Police: Charges against disqualified 'Idol' weren't worth chasing
In this March 7, 2012 file photo released by Fox, contestant Jermaine Jones performs on the singing competition series "American Idol," in Los Angeles.
The Associated Press
Published Friday, March 16, 2012 7:14AM EDT
TRENTON, N.J. - A police official in a New Jersey town where a disqualified "American Idol" contestant is the target of two arrest warrants said Thursday the case wasn't big enough to merit going after him in California.
Jermaine Jones of Pine Hill, N.J., was kicked off the TV show this week for not revealing he had outstanding warrants. The show's producers say they learned of four warrants as they confronted him about it during a taped segment later aired on television.
Police in Gloucester Township confirmed Thursday that Jones was arrested twice in the past year. They said he gave police a false name. He failed to appear in court, and two warrants were issued.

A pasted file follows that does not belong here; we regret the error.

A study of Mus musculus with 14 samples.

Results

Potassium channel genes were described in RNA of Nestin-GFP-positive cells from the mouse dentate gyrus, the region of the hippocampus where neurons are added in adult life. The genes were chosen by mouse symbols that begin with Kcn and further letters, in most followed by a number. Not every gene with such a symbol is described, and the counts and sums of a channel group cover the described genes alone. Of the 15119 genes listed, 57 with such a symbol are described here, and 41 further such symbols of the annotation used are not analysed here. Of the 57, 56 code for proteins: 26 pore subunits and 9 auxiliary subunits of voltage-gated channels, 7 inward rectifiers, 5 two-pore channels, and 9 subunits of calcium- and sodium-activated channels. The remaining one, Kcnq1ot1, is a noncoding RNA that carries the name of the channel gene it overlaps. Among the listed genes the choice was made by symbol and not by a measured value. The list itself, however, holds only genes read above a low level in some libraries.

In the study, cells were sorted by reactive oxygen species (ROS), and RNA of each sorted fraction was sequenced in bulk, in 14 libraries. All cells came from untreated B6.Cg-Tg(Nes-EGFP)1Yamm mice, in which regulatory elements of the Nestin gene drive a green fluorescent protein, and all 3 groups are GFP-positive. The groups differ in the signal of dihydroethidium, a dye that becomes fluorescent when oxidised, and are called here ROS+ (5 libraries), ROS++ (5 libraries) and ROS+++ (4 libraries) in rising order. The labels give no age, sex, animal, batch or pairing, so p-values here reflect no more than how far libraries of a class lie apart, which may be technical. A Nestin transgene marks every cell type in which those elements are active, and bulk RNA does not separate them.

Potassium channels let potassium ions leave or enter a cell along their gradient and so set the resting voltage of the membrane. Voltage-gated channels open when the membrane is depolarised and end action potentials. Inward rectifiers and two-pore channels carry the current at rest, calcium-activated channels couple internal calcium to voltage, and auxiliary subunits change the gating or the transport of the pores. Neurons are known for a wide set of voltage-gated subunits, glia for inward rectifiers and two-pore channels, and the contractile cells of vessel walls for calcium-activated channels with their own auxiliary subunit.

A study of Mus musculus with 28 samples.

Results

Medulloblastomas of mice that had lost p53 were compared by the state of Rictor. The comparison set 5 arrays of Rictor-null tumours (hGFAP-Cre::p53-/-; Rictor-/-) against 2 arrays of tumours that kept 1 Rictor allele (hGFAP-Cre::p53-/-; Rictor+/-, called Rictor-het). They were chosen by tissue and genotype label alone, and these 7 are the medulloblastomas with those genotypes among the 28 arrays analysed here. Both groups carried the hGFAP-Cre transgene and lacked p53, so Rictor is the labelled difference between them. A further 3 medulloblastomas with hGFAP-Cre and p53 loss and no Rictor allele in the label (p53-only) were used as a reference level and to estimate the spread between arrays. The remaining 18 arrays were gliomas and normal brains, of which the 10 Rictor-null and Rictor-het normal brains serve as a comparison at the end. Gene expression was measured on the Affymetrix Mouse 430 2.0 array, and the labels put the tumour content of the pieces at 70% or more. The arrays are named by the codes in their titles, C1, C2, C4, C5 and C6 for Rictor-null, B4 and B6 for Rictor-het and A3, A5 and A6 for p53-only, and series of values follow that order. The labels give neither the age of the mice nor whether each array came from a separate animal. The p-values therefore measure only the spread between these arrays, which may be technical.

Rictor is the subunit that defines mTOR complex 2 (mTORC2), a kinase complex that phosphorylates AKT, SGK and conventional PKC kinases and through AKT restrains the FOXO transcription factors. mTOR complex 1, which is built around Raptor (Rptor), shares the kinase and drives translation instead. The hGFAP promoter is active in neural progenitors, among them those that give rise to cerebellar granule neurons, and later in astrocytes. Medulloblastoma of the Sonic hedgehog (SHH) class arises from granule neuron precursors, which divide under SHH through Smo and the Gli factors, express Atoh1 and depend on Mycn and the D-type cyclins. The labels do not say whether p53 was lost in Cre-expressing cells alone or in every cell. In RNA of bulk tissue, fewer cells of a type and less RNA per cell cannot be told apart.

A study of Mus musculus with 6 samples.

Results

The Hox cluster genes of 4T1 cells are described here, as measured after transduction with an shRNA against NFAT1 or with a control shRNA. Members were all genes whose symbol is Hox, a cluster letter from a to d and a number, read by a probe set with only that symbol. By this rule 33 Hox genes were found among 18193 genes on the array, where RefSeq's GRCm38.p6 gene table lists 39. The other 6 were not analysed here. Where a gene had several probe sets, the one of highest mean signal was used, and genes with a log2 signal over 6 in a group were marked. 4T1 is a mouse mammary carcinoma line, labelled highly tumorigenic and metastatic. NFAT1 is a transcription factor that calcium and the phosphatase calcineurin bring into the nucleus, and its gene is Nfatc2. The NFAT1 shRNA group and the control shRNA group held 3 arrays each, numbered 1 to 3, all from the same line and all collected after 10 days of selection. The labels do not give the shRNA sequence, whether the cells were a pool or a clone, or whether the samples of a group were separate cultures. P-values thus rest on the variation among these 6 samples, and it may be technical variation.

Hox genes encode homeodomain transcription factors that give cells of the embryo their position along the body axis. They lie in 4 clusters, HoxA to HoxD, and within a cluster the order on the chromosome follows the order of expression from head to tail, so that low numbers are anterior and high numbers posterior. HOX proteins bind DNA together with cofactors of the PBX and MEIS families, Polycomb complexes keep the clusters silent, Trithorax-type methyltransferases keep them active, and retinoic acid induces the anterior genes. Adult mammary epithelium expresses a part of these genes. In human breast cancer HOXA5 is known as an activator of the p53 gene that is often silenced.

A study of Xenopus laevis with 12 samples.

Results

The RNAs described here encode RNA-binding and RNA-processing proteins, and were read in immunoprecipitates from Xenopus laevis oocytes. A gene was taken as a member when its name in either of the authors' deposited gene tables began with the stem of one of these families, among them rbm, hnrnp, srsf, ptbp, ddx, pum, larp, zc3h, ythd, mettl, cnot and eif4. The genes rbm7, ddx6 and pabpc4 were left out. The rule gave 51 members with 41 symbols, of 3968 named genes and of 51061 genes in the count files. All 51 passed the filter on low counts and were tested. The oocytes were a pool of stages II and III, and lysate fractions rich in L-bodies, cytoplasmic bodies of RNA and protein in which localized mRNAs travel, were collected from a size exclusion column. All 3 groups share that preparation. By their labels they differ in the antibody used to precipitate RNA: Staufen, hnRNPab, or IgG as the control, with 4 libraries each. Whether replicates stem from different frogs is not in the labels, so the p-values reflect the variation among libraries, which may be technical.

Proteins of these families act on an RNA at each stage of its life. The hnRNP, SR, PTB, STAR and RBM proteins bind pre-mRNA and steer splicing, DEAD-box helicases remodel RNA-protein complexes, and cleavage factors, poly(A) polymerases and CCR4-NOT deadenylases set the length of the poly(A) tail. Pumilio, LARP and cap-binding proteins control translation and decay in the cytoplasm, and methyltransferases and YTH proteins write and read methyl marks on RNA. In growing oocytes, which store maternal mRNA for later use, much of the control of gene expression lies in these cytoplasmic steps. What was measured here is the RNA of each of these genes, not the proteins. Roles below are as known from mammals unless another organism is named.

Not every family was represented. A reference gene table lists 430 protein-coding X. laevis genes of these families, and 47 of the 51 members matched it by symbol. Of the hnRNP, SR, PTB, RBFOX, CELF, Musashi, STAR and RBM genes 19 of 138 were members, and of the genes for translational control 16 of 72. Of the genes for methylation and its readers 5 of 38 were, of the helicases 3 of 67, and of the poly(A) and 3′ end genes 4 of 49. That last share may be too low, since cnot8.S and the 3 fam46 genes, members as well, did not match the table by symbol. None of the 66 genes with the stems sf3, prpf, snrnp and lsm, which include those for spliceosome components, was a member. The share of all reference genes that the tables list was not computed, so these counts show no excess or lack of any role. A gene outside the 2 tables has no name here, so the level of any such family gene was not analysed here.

Police Lt. Christopher Jones said the case "wasn't big enough" to merit going after the singer in California.
Gloucester police said Jones gave them the wrong name in March 2011 after they responded to a fight at a Howard Johnson Express Inn. They said he again gave them a false name in November after a car he was riding in was pulled over.
In 2009, Jones was cited in Winslow Township. Police said he was driving with a suspended license and gave police a fake name. He didn't show up for his court date and a warrant was issued.
A fourth warrant could not be confirmed Thursday; police in Winslow would not comment on the 2009 warrant.
The singer did not immediately respond to calls to his home.
Not everyone was thrilled with the producers' treatment of Jones.
Camden County Freeholder Jeffery L. Nash said there was no excuse for breaking the law, but he thought the show could have handled the incident better.
"For the producers of the billion-dollar show to expose, embarrass and interrogate a young man without an attorney in front of 40 million viewers was an outrage," Nash said. "In the future, they should do background checks before they start counting their money and playing Judge Judy."